A study led by the University of Utah School of Medicine provides new insights into how the subtle changes within cells, caused by disruptions in a gene called Kirrel3, could underlie some types of intellectual disability and autism.
A second paper to be published on the same day in the journal eLife, led by Harvard Medical School, shows how three proteins regulate chemical messengers that are key to autism spectrum disorders and syndromes such as Down's and Rett syndrome.
"Understanding fundamental changes in the brain that could lead to intellectual disabilities may one day help in the development of better treatments," says Megan Williams, lead author on the Kirrel3 study.
About one in 68 children are identified with autism spectrum disorder in the US and about one in six children had a developmental disability of some kind in 2006-2008. In the UK, 1.1% of the population may have autism, equating to around 700,000 people.
Variations to the Kirrel3 gene are known to be associated with intellectual disability, autism, and Jacobsen syndrome, a rare developmental disorder that often includes intellectual disabilities. Because of this strong association, the University of Utah team investigated how changes to Kirrel3 impair brain circuits critical for memory and learning.
Any cognitive task, from learning a new skill, having a conversation or driving to work requires the neurons of our brains to talk to each other. They are linked by connections called synapses that transmit these messages from one neuron to the next. Each neuron makes multiple synapses allowing it to send and receive information to many neurons within a large network.
The study shows that Kirrel3 helps form part of a large synaptic structure called the mossy fibre synapse that is located in the hippocampus, a major region of the brain required for learning and memory. In developing mice that don't have Kirrel3, the mossy fibre synapse becomes malformed, causing the hippocampus to become overactive.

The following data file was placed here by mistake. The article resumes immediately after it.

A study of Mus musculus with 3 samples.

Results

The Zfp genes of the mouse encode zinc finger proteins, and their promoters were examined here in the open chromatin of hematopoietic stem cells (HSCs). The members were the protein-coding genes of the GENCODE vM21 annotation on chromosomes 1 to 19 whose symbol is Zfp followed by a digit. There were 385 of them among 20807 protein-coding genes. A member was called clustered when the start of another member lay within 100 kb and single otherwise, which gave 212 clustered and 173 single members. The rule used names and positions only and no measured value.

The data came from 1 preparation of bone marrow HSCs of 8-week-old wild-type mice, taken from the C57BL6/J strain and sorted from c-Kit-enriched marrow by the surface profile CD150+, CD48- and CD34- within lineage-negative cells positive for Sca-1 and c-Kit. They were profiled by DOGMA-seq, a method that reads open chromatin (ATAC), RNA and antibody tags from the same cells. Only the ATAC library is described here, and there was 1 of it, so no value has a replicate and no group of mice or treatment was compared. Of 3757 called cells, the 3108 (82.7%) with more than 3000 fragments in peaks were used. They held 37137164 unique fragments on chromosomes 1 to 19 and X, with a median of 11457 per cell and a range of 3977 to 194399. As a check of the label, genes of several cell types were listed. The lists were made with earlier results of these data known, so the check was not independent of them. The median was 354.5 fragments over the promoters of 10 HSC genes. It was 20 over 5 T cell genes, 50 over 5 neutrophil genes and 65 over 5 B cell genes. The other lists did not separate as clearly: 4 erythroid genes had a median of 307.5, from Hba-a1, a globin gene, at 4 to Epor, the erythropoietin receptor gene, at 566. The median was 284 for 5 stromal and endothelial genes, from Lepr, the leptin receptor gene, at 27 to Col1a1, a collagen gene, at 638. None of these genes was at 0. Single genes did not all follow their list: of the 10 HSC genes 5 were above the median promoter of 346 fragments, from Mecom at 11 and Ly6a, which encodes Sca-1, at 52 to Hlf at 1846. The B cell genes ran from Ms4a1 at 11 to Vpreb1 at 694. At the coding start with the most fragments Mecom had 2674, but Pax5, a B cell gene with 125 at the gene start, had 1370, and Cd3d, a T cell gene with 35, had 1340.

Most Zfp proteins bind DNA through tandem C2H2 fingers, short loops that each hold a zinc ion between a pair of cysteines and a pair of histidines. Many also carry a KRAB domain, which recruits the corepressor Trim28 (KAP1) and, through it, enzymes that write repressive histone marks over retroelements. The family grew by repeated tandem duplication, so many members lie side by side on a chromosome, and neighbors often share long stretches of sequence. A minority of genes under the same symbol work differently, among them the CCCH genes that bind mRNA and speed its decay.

"Our work shows how even very small changes to synapses can alter brain function and could lead to intellectual disabilities," says Williams.
"In addition to being in the hippocampus, the gene is also expressed in other parts of the brain. It is possible that defects in those regions may also contribute to the neurodevelopmental disorders associated with Kirrel3."
Changes in the activity of synapses are thought to play an important role in the physical changes to the brain found in several neuropsychiatric disorders. Both synapses that inhibit and excite the stimulation of nerves are important to normal function and an imbalance between them can cause dysfunction. Decreased inhibition is implicated in autism spectrum disorders, whereas excess inhibition has been proposed to occur in mental retardation syndromes, such as Down's and Rett Syndromes.
The team led by Harvard Medical School propose that mutations in the proteins Neurixin, Neuroligin and CASK may have a direct impact on chemical messengers that reduce the activity of neurons.
"Our results provide additional biochemical links between the genes associated with autism spectrum disorders and the inhibition of nerve cells," says lead author Joshua Kaplan.
The papers 'The intellectual disability gene Kirrel3 regulates target-specific mossy fiber synapse development in the hippocampus' and 'A network of autism linked genes stabilizes two pools of synaptic GABAA receptors' can be freely accessed online at http://dx.